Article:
Wednesday, October 27, 2010

A Clockwork Orange - Anthony Burgess

I started listening to a recorded version of A Clockwork Orange. Normally, I prefer to read a classic the first time through, and then listen to it later if I feel like it, but I saw it while browsing at the library and just nabbed it. There is an introduction by the author and I'm sorry to report it's Burgess having one long tantrum.
Burgess starts by saying that Orange is his most popular book, due in large part to the film, but he feels it is not as good as many of his other works and he finds its popularity disappointing. He amassed a fortune off of it, but still resented it. I guess the America version left off the final chapter and Burgess was still spiting mad over it. He was even more offended that the Kubrick movie, although filmed in Britain, was based on the American version that ends with Alex not being reformed, despite the government's best attempts.
In the final chapter (the controversial missing in America chapter) Alex grows up, get married, has kids and regrets his violent youth. He wishes to create rather than destroy. The American publisher felt it was a stronger ending not to have Alex reform, or at least have his future uncertain.
I guess it never occurred to Burgess that he was allowed to be a rich old coot and keep working as a writer due to the success of the novel. (with or without the final chapter) It makes me think of Warren Zevon who, for years, complained that he was best know for Werewolves of London when he had written much better songs. Then, he finally realized that he was able to live a comfortable life and put his kids through college off of that song and he should be a little more grateful.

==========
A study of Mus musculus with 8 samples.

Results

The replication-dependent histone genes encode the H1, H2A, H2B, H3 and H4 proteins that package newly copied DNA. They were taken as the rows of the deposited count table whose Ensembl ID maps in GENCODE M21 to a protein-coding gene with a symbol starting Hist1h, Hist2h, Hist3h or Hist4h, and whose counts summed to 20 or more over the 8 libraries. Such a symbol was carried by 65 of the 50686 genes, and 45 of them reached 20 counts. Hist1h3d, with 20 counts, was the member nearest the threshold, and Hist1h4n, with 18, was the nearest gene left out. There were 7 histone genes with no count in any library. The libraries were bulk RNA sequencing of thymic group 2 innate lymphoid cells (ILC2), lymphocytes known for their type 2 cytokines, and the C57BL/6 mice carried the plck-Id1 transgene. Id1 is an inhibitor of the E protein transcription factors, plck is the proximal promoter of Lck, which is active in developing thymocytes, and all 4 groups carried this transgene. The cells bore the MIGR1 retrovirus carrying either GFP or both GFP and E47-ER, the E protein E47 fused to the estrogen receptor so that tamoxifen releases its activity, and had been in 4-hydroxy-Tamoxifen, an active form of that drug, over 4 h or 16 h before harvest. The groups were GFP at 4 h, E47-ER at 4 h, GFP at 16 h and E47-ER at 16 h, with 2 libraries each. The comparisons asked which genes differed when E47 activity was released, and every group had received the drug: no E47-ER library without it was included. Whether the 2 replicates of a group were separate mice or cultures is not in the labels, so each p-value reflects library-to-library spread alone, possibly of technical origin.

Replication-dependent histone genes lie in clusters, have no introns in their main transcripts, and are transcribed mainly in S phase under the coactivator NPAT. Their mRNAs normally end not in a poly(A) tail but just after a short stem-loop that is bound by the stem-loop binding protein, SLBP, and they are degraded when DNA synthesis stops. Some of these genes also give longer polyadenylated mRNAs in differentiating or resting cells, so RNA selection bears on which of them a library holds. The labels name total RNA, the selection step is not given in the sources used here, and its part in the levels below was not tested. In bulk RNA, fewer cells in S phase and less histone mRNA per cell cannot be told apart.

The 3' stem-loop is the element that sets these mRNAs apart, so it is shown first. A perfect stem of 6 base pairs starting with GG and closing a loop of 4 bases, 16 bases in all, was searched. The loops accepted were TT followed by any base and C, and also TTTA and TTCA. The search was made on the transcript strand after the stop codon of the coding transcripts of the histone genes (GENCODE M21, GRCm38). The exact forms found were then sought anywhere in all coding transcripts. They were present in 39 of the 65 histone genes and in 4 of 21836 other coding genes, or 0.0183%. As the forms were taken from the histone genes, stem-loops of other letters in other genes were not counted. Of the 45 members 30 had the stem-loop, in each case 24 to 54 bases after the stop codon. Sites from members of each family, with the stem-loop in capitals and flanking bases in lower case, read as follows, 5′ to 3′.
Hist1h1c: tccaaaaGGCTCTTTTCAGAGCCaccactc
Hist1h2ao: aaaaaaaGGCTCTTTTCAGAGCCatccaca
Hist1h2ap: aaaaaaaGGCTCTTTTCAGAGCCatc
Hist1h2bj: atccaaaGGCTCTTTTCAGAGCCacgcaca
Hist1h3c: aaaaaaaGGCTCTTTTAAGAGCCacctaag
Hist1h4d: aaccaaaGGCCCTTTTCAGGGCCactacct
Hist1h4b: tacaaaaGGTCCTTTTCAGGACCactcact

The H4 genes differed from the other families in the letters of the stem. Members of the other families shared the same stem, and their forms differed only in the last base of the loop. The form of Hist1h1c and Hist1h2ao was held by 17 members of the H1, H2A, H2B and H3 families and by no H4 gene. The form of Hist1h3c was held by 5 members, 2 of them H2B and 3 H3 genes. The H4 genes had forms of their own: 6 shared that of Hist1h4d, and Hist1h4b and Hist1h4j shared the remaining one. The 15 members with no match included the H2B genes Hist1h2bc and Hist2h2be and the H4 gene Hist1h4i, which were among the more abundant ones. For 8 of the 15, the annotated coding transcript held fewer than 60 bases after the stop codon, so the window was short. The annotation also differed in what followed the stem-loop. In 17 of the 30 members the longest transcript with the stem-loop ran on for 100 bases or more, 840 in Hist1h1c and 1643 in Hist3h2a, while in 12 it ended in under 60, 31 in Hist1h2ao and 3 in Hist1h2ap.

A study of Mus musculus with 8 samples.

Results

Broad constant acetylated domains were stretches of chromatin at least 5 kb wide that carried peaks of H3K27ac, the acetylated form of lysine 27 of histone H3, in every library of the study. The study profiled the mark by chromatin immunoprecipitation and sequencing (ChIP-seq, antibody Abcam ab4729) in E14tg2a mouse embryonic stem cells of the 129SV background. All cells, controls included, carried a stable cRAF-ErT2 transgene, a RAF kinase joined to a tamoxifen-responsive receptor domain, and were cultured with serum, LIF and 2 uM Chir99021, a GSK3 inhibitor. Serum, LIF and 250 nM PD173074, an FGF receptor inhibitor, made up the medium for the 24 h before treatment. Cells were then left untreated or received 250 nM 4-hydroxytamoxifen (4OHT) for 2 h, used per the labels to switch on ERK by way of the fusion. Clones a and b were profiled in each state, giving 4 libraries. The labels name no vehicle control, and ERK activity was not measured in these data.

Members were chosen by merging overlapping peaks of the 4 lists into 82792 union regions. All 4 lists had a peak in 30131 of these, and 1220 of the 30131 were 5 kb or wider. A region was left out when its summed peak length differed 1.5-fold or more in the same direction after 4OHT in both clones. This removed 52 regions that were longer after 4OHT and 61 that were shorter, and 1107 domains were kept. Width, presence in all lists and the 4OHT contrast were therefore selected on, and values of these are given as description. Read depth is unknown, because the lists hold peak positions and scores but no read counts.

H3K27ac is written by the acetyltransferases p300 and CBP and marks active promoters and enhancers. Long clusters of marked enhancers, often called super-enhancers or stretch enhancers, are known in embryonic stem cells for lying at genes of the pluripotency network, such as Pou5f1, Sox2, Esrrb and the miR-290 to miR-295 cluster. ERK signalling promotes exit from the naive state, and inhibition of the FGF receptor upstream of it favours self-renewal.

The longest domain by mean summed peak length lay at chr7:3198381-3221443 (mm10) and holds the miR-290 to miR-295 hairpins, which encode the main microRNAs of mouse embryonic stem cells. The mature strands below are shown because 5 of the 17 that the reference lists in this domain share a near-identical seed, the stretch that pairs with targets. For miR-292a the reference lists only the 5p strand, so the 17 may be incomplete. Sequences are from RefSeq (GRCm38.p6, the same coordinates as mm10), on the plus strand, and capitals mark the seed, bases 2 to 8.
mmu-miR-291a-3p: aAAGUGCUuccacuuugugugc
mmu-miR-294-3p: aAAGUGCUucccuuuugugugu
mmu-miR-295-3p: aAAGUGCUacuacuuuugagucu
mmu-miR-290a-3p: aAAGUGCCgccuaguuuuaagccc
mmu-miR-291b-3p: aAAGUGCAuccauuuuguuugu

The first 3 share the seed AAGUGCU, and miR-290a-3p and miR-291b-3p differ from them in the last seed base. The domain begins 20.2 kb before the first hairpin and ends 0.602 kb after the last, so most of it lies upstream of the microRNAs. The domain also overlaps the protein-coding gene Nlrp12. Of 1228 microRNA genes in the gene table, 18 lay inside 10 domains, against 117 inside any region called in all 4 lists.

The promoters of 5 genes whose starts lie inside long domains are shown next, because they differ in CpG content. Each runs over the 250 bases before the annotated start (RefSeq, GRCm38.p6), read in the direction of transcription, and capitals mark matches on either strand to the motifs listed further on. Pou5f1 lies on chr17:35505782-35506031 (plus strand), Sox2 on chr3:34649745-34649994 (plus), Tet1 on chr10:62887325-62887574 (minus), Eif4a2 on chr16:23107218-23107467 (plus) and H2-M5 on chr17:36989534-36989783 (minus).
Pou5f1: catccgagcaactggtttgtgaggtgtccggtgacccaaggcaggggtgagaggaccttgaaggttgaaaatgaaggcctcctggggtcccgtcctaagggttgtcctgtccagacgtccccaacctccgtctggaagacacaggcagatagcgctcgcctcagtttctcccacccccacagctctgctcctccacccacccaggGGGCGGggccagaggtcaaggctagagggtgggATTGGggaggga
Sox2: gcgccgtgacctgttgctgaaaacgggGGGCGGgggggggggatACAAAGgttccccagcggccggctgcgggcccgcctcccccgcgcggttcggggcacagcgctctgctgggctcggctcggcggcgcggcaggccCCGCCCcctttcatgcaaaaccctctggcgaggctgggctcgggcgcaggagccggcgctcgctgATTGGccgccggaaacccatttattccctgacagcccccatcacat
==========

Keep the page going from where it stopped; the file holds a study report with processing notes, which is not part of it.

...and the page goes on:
It cracks me up that Burgess is complaining that America forwent the happy ending. I can't begin to list how many times I've been randomly attack by European travelers because our films usually have happy endings. An America makes a film and leaves off the happy ending... Still criticized. Be that as it may, I am going to skip the end of Burgess' introduction and give the book a try. You'd think the guy could be a little more gracious about a book that supported him in a comfortable lifestyle for thirty years, but apparently not. I wonder if he would have been happier being unsuccessful.
Probably not.


  1. Have you read Burgess's Earthly Powers? It's a huge sprawling novel, quite a commitment. But I would put it in my top 10 of all time!

  2. I was thinking I would have to read more Burgess to see if I agreed with his opinion that he's written better stuff. Thanks for the suggestion.